Author: Shernide Delva
There is syndrome known as PAWS common during the recovery process and trust me; it does not have anything to do with animals. PAWS stands for protracted withdrawal syndrome and is a condition that leaves recovering addicts and alcoholics feeling the symptoms of withdrawal long after the initial withdrawal phase has passed.
No one said recovery would be easy, and for most recovering addicts, detox is just the beginning. The end result is more than worth it. Imagine a life free from the devastating hold your addiction has on your life. You will finally be able to live a healthy life without constantly worrying about where your next high will come from.
That being said, you should be aware of the symptoms that will occur when you stop abusing substances. Understanding the lingering effects of substance abuse is important to prevent a relapse and gives you hope that this too shall pass.
PAWS is the second stage of withdrawal. While you may have fewer physical symptoms in the state, there are much more emotional and psychological symptoms. PAWS occurs because your brain chemistry is gradually returning to normal. As your brain heals, the levels of brain chemicals fluctuate as they approach the new equilibrium causing PAWS.
PAWS can often mimic depression, and increases the risk of relapse.
“I’m certain I suffer(ed) symptoms of PAWS,” recovering alcoholic Amy Parrish said in The Fix. “My sleep cycles were off, my emotions were all over the place; I would alternate between feeling good, really good, and certain, and then like I couldn’t take all the soul searching one more minute.”
Common Post-Acute Withdrawal Symptoms are:
- Mood swings
- Variable energy
- Low enthusiasm
- Variable concentration
- Disturbed sleep
When it comes to drugs like prescription opioids, symptoms of paws become more common.
Most addicts know what PAWS feels like. They just did not know what it was called. Many addicts have experienced the experience of quitting a drug and overcoming the initial withdrawal stage, only to relapse because they felt terrible. They feel great initially from coming off the drug, but then several months later, they start to feel down and discontent.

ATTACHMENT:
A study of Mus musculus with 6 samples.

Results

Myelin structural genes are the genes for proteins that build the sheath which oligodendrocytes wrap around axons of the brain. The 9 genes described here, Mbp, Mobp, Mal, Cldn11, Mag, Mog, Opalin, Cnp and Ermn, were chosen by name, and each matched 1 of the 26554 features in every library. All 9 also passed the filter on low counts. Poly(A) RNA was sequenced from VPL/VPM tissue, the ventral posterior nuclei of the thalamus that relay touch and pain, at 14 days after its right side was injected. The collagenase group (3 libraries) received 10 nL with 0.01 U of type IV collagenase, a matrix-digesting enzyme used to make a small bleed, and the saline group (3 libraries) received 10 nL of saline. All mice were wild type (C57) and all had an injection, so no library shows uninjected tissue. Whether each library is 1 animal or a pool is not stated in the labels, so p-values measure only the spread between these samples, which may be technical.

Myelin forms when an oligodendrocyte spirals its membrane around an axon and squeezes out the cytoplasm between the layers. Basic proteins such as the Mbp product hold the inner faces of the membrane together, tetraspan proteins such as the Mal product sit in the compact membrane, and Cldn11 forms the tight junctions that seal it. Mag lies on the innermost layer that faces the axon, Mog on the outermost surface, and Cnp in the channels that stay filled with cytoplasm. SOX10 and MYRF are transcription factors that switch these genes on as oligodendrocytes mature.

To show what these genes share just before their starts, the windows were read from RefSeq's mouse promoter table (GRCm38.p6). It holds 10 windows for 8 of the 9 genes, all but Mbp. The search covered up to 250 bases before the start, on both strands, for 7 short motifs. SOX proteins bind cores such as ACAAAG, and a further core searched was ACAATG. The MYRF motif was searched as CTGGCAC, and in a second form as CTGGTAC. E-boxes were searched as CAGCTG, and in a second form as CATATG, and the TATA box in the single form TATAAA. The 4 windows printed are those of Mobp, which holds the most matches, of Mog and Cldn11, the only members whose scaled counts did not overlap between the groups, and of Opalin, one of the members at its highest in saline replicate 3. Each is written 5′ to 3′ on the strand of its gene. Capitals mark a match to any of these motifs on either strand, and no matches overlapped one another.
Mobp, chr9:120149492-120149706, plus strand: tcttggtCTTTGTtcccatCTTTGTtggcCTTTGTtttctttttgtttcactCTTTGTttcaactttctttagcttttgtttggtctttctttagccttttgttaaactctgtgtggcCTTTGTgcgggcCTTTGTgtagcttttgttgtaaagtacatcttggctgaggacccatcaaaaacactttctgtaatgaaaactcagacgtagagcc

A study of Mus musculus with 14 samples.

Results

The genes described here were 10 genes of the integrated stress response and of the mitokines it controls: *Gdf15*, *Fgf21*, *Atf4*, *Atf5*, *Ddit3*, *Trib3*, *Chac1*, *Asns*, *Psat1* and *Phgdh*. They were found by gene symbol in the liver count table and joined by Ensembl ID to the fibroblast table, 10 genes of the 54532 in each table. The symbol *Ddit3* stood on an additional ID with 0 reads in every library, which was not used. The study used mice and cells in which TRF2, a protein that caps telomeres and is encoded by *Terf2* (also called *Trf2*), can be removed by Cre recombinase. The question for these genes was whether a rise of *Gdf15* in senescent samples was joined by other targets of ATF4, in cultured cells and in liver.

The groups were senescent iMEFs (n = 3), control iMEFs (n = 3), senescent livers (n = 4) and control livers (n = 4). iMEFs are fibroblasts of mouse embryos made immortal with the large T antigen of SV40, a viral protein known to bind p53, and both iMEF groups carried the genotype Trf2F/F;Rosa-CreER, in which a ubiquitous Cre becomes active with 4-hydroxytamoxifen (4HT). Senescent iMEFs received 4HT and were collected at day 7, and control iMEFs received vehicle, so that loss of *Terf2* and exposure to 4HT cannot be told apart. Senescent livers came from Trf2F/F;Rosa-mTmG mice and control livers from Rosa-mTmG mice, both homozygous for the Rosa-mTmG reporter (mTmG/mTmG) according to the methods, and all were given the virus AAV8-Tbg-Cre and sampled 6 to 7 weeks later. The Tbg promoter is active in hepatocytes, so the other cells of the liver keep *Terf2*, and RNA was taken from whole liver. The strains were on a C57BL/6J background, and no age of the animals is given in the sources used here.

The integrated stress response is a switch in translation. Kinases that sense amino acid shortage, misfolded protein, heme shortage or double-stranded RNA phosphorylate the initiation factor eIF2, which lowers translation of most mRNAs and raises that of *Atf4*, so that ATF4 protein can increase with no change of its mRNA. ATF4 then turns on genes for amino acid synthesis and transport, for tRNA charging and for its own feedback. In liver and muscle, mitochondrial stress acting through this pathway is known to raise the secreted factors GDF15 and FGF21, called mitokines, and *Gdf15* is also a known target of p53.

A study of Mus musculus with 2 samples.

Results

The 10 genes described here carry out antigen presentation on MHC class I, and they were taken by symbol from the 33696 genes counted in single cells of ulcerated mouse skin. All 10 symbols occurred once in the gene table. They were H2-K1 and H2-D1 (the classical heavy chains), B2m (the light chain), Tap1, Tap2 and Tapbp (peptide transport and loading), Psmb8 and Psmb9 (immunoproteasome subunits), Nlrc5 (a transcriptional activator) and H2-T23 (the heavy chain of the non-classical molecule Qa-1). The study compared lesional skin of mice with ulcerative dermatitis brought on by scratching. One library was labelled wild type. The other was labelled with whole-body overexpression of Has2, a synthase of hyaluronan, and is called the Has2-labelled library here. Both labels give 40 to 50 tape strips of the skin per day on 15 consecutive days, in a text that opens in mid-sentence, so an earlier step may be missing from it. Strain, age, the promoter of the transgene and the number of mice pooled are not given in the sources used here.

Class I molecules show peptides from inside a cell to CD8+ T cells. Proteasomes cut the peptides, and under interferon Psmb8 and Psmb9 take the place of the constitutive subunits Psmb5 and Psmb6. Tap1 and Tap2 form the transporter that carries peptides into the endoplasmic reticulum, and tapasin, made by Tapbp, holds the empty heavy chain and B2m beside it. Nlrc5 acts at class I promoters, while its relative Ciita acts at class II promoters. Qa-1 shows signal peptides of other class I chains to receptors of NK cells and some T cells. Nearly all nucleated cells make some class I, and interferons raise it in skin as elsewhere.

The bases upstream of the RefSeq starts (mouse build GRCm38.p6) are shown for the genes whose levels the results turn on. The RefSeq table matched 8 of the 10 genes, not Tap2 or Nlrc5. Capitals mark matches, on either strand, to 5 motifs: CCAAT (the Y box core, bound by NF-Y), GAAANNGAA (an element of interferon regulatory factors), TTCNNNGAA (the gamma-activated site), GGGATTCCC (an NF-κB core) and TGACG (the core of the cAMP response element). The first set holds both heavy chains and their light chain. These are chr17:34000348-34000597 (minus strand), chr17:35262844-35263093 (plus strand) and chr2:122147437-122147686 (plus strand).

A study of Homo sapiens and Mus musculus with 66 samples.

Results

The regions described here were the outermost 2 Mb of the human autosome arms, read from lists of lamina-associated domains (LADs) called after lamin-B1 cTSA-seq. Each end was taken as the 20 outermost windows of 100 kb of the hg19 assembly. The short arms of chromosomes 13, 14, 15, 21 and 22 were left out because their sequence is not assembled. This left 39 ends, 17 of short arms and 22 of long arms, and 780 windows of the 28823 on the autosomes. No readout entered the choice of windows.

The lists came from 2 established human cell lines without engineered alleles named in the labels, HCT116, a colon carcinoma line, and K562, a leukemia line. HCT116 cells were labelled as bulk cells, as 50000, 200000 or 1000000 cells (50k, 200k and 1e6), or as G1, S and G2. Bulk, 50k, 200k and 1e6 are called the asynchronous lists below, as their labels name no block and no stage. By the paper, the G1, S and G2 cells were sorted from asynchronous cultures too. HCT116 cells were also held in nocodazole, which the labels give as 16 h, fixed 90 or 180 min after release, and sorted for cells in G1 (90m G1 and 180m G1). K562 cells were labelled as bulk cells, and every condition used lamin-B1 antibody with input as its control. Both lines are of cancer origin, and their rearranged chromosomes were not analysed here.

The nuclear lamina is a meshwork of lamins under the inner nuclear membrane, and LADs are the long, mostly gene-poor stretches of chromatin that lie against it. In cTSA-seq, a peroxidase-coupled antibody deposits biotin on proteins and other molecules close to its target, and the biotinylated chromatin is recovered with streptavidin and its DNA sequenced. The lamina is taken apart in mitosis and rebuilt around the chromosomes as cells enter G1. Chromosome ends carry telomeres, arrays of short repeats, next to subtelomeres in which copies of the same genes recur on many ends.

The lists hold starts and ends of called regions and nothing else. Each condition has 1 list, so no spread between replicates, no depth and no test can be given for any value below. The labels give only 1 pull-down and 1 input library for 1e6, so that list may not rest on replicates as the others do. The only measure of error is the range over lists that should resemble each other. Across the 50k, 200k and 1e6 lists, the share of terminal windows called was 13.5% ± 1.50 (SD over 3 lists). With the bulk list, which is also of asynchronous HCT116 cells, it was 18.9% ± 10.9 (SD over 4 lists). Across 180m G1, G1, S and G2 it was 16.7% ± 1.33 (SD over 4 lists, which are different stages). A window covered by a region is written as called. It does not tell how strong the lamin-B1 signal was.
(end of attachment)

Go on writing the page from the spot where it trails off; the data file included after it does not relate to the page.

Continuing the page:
Adjusting to drugs without your DOC is hard but is indeed a necessary part of recovery. The good news is PAWS symptoms do not have to be part of the struggle. Over the past few decades, there have been many treatments available to help lessen the severity of PAWS.
If you are struggling, there are answers. Some of these solutions include medications that help treat the PAWS symptoms and make them less severe. Often, doctors may prescribe antidepressants to help alleviate the emotional symptoms of PAWS. Antidepressants like SSRIs are non-addictive and non-habit forming, although they can have withdrawal symptoms of their own.
If you are looking for a healthier alternative, try meditation, yoga, and exercise to help ease the symptoms.
“The advice I would give is to be patient with the time it takes to heal and feel better,” Parrish says. “These tough issues weren’t created overnight, and they won’t disappear overnight. I have learned that when I feel particularly “PAWS-y,” that means I’m subconsciously working something out—this makes dealing with the symptoms of feeling a little crazy and not sleeping less exhausting. It won’t last forever.”
Despite the negative feelings you might have from the initial stages of recovery, nothing compares to the hardship of having an addiction. Hang in there. Things do get better. Do not let yourself go back to your old style of living. We are here to guide you through the process. If you are struggling, call now.